Our relationship is just beginning the day you convert your fleet vehicles to run on autogas. We’ll provide an autogas education for your in-house technicians, drivers and anyone else in your organization. Beyond basic training, our program provides the technical, safety and ongoing support fleet customers need to be successful.

Alliance AutoGas provides all the expert training fleets need:

  • Operational training for drivers and other personnel
  • Autogas safety training for operators, drivers, technicians and other personnel
  • Autogas fueling training for drivers and other personnel
  • Any necessary maintenance training
  • For larger fleets, Alliance AutoGas certified conversion technicians can also train your mechanical team to perform in-house conversions
A Safe Fuel

Autogas is a safe, proven and reliable fuel. Thousands of school buses and taxicabs across the U.S. are already safely fueled by autogas, partly because autogas is intrinsically safer than many other fuels. A properly installed autogas tank can actually add to the structural integrity of a vehicle.

Autogas Tanks

  • Alliance AutoGas tanks are 20 times more puncture resistant and can withstand 4 times the pressure when compared to conventional gasoline vehicle fuel tanks.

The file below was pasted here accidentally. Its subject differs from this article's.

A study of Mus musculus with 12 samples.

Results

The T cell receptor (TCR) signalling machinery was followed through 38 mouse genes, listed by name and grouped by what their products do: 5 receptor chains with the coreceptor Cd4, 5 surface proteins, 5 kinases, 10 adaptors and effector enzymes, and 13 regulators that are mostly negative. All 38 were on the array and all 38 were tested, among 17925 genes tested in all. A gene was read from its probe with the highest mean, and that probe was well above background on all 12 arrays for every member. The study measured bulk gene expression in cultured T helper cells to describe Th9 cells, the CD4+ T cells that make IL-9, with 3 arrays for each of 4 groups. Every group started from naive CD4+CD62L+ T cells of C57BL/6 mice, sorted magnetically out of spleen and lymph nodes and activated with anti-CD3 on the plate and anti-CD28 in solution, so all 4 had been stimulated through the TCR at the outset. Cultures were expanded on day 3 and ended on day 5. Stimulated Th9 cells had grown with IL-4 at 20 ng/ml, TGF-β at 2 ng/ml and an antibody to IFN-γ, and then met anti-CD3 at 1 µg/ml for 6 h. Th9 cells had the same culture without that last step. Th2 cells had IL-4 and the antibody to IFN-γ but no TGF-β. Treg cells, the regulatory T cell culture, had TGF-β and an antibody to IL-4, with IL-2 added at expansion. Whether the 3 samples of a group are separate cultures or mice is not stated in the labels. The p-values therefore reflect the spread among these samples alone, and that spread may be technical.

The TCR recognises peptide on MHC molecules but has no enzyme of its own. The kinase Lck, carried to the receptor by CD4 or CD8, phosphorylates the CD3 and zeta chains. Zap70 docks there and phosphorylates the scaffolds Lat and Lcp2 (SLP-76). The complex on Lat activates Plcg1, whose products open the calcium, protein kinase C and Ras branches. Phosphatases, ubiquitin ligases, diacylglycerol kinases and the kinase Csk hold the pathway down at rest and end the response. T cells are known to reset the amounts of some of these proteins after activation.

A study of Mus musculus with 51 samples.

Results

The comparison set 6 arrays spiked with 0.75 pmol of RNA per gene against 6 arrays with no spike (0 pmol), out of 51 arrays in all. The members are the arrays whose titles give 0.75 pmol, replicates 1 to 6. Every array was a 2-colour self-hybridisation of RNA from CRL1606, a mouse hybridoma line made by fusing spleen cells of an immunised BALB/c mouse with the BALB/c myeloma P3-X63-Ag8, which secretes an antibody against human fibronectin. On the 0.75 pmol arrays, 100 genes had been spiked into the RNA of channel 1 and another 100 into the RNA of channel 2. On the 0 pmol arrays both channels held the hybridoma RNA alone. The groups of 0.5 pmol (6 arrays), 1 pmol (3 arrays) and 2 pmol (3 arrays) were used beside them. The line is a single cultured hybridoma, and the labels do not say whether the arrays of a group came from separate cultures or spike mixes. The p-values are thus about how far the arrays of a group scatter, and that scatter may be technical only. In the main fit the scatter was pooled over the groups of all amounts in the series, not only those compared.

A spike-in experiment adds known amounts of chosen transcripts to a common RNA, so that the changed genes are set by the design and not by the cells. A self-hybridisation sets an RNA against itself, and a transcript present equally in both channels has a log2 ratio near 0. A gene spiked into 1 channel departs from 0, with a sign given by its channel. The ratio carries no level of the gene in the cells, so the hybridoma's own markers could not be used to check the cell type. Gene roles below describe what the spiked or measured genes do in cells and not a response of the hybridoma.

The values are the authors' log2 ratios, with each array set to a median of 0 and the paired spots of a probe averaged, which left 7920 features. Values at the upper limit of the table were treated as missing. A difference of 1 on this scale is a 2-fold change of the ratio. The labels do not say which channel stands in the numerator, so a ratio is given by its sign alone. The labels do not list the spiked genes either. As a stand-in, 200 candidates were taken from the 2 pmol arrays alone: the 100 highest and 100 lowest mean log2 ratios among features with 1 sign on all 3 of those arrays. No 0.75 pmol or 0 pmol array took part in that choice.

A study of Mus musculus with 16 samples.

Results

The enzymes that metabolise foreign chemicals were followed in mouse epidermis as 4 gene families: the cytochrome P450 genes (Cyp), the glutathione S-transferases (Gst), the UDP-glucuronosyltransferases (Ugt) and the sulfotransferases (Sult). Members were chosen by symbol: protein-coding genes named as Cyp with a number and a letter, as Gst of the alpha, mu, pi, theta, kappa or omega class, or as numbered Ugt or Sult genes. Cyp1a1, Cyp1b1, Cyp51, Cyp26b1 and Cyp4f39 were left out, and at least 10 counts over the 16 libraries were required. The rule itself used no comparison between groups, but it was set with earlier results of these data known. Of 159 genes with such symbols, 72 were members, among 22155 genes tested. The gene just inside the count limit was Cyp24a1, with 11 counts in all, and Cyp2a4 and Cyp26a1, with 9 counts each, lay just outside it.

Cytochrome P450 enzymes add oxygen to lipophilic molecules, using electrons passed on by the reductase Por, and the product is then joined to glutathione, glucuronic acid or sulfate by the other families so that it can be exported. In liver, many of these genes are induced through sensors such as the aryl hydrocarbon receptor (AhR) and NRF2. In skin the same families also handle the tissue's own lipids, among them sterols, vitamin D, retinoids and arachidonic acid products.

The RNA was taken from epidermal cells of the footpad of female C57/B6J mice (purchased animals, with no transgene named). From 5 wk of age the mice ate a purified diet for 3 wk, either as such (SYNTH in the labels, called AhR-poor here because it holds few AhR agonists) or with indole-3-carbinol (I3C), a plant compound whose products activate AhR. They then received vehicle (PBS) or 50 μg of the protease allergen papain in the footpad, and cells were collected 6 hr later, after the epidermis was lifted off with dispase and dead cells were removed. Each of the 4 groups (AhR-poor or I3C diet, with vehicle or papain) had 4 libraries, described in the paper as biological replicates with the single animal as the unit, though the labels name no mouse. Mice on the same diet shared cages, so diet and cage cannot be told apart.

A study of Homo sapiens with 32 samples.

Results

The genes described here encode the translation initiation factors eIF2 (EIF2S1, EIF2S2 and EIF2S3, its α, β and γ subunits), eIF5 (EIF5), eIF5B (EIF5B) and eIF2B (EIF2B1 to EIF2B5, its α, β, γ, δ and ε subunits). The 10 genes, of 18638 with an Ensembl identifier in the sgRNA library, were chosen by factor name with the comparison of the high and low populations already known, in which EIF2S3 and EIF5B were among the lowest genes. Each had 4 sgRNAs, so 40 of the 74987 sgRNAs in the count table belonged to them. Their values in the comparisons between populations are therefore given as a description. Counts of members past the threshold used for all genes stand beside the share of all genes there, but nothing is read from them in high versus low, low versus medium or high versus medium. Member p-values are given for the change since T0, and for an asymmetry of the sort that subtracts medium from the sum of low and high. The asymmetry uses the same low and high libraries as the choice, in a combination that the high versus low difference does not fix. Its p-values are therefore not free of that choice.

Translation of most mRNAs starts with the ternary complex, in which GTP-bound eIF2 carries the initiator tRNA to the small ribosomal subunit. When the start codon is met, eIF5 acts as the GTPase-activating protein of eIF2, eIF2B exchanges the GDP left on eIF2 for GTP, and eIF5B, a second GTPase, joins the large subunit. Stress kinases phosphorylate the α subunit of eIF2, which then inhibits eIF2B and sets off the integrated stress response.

• The lower pressure required for storage makes autogas safer to maintain than CNG.
  • Autogas vehicles tanks are constructed from carbon steel under code developed by the American Society of Mechanical Engineers.
  • Properly installed autogas vehicle fuel tanks can actually add to the structural integrity of a vehicle.

Additional Safety Features

  • It has a lower flammability range than conventional gasoline, decreasing probability of accidental combustion.
  • The onsite autogas fueling station has a lock-off valve that automatically shuts off the flow of propane autogas at the tank if any pressure drop is detected anywhere throughout the system.


  • Unlike gasoline, diesel, methanol and ethanol, autogas is nontoxic, nonpoisonous and insoluble in water.
  • Should a rare accidental release of autogas occur, it would dissipate into the atmosphere with no harmful contaminants released into the air, soil or water.